Advancements in treatment for HIV is continuously developing. New research shows that giving HIV drugs to a patient as soon as they are diagnosed could slow down the damage to their immune system and delay the need for long-term treatment. In turn, this could reduce the spread of disease.
Generally speaking, patients don’t usually receive antiretroviral therapy until their immune system has been significantly weakened by the infection, but a team from Imperial College London found giving treatment as soon as possible had a long-term protective effect lowering the amount of virus in the blood for up to 60 weeks after it was stopped.
Lead researcher Dr. Sarah Fidler commented on the study saying, “These results are promising and suggest that a year-long course of treatment for people recently infected with HIV may have some benefit on the immune system, as well as helping control the virus. The treatment also reduces the amount of virus in the body for some time after the patient has stopped taking the medication. This could be very important for helping reduce the risk of passing on the virus to a sexual partner.”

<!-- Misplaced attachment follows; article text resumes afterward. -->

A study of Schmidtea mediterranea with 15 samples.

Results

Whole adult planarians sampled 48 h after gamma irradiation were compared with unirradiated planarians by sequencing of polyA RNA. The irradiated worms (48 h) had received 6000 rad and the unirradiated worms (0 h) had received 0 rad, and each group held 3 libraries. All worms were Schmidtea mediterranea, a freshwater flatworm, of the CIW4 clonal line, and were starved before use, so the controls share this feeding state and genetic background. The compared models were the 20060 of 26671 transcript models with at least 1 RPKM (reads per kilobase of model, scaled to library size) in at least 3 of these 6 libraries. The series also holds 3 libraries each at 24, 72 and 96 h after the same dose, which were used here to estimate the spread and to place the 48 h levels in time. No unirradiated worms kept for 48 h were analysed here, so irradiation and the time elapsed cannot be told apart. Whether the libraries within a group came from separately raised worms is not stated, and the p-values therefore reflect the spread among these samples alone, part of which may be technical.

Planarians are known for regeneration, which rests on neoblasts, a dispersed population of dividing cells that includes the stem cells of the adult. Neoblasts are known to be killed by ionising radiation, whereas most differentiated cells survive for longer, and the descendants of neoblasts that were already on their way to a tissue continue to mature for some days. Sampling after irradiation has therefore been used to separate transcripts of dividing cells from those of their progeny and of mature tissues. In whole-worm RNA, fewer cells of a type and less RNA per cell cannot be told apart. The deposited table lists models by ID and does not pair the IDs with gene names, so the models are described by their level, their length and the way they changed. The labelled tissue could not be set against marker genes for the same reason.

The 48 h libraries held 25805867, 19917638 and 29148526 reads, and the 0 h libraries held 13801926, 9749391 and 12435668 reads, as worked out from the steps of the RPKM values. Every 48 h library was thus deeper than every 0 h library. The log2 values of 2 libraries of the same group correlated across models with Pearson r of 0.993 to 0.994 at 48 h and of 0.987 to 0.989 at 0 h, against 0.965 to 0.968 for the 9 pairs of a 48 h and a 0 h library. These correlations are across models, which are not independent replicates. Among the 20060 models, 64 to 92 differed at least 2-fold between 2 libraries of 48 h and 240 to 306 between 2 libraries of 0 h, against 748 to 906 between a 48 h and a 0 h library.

Chief study investigator, Prof. Jonathan Weber, said the study reinforced the importance of regular testing: “Early testing and diagnosis are incredibly important. When a person first contracts HIV, they are at their most infectious, but they are also often unaware that they have contracted the disease and hence are more likely to spread the infection. The sooner they can be diagnosed, the better our chances of limiting the spread of the virus and the sooner they can be offered appropriate guidance and counseling.” (Read the full details for the study here.)